Burning Questions

Challenge winner Merle discusses denim, personal style, and why she thought she was heading home.

Jan 14, 2010

Bravotv.com: You've been part of the fashion world for a long time. Expand on why you want to start your own line.

When I was a little girl, I was always drawing and doodling little outfits. I was always re-making the Barbie doll's clothes, and then at around 12 or so, started sewing and discovered it came easily to me - and within a year, I was making all my own clothes. My two loves have always been writing and fashion. I've dressed in a very particular way since I could start making my own clothes. In college, when everybody else was in jeans, I was wearing dresses that looked like they were from the 1920's. If I'd had a little awareness, I would have gone to design school - but when I was growing up in the sixties, fashion designers weren't as well known, and fashion was not the big deal it is now. My role models were authors and magazine writers. It wasn't until I started writing about fashion - I wrote about music and movies before that (for Rolling Stone, People, W Magazine, Harper's Bazaar) that I felt the BIG drive towards design. Trust me, I put A LOT of time into my look everyday - dressing has always been a creative outlet for me. I feel like getting dressed is a way of being your own art project. "Launch My Line" gave me the chance to see if I could throw my hat in the ring.

Bravotv.com: What's the inspiration behind your line so far? What kind of woman do you design for?

The woman I design for has a real sense of herself. She's not just corporate and not just artsy - she's a very real life woman who appreciates all aspects of life, and wants clothes she can run to the store in, go to work in, and then change a little and go out at night in. She's very busy, but that doesn't mean she's not creative or imaginative. She wants designer looking clothes but doesn't want to spend all her income on being a fashion slave. She wants to look interesting and attractive - but doesn't have a lot to prove. And she wants her personality to come before her clothes, so her clothes have to serve her life - not the other way around. She needs her clothes to perform a lot of functions, and also, to be able to travel easily. And - this is very important - she's got a great sense of humour! She loves clothes, but doesn't take it ALL that seriously!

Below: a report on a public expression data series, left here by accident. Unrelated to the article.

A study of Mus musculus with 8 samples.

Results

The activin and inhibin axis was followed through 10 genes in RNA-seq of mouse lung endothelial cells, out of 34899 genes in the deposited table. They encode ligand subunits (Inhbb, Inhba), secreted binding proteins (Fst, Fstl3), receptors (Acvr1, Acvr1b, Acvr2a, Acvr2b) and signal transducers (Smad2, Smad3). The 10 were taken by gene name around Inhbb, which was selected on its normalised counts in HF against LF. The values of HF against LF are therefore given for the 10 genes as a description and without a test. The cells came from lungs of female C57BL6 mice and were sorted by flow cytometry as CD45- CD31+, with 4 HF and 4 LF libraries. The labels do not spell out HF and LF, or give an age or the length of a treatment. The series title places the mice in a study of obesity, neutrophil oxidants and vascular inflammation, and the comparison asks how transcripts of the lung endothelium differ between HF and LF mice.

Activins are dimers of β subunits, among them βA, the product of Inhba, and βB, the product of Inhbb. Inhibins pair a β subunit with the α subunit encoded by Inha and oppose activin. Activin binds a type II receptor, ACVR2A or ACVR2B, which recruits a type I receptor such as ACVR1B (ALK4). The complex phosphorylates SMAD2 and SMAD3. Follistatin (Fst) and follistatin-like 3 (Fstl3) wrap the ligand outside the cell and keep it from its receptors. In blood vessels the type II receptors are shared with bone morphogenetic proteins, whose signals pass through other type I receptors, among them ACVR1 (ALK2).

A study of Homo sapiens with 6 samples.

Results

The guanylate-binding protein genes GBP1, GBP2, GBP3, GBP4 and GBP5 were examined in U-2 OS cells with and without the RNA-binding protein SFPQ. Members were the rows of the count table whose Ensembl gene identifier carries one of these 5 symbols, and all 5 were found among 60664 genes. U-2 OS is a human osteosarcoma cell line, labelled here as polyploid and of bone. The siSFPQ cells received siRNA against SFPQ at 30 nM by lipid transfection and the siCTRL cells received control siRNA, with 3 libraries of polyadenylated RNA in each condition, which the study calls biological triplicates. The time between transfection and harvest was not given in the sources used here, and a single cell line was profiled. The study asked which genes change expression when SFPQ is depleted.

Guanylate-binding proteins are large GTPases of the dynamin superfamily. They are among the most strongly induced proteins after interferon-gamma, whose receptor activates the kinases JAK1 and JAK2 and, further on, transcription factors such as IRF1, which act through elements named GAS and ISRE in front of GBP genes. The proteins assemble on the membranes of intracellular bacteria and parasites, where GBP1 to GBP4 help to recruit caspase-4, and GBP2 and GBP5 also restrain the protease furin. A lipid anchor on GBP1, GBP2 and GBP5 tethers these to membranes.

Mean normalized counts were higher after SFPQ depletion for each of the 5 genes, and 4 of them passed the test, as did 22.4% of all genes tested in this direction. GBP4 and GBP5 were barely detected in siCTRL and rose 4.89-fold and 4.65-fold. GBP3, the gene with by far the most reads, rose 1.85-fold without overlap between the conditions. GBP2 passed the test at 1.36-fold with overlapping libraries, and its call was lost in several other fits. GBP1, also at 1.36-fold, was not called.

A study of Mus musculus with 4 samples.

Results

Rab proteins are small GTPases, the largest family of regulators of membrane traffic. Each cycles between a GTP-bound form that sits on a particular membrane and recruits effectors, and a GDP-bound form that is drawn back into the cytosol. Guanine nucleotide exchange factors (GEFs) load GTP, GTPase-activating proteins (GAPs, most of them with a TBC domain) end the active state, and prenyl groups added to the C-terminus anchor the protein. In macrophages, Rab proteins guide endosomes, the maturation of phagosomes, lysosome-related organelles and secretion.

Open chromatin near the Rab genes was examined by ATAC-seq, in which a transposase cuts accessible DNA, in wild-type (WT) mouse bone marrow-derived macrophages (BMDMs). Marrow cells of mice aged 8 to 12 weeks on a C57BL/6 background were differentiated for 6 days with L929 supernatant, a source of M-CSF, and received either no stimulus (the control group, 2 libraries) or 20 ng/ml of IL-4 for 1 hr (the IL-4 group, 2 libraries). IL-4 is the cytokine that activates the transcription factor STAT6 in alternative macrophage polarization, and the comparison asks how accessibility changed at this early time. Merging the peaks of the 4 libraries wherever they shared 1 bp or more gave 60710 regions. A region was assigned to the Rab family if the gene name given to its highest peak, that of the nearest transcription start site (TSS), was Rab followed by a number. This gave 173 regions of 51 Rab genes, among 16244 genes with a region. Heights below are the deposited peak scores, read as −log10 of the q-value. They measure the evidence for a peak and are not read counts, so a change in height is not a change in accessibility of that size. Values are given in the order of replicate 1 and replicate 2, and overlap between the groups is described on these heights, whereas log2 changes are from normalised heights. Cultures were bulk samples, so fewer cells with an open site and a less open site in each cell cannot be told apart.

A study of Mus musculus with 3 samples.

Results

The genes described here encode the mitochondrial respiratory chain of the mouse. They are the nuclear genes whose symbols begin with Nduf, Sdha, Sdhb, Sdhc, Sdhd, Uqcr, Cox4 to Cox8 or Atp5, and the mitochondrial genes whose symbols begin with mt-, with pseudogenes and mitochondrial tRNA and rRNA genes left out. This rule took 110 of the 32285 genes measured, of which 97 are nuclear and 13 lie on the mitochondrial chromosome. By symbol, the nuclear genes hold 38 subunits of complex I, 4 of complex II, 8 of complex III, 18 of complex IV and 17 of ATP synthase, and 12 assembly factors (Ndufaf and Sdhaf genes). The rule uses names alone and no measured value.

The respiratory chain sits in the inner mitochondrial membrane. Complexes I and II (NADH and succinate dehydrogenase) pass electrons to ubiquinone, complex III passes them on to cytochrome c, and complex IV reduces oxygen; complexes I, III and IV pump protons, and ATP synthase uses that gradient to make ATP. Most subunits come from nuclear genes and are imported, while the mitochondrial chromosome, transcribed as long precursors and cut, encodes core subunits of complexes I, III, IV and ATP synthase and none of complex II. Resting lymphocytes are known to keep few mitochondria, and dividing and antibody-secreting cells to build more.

Bravotv.com: This week the contestants headed to the Citizens of Humanity wash house to get a feel for distressing. You mentioned you're not too keenon denim... Why is that?

Ha! I'm catching a lot of flack for that! People think if you live in L.A., you're a jeans person. I have never worn jeans. I do occassionally wear denim jackets or skirts - if I'm painting the house! No, just kidding. Look, denim WAS invented in the forties for field workers and farmers - it's a pretty indestructible fabric, and it doesn't move easily. I'd MUCH rather wear silk, jersey, cashmere, wool, satin, organza, tulle or chiffon - I live soft fluid fabrics - even feathers! To me, denim is really for guys - it's tough, useful, and it's constricting and tight. I do NOT think it flatters a soft curvy female figure - and I think showcasing your butt is a vulgar thing to do - but I may be the last person alive who feels that way! I don't move well in jeans, and I don't think they look good. And now they're so ubiquitous, wearing them is a real "follower" way to dress. I have no interesting in blending in. Not that I won't wear black leggings with a long top - but that reminds me of Audrey Hepburn and ballerinas, so it has a much more feminine feeling. And leggings are comfortable - and inexpensive. $300 jeans are crimimal! Denim was invented to be cheap.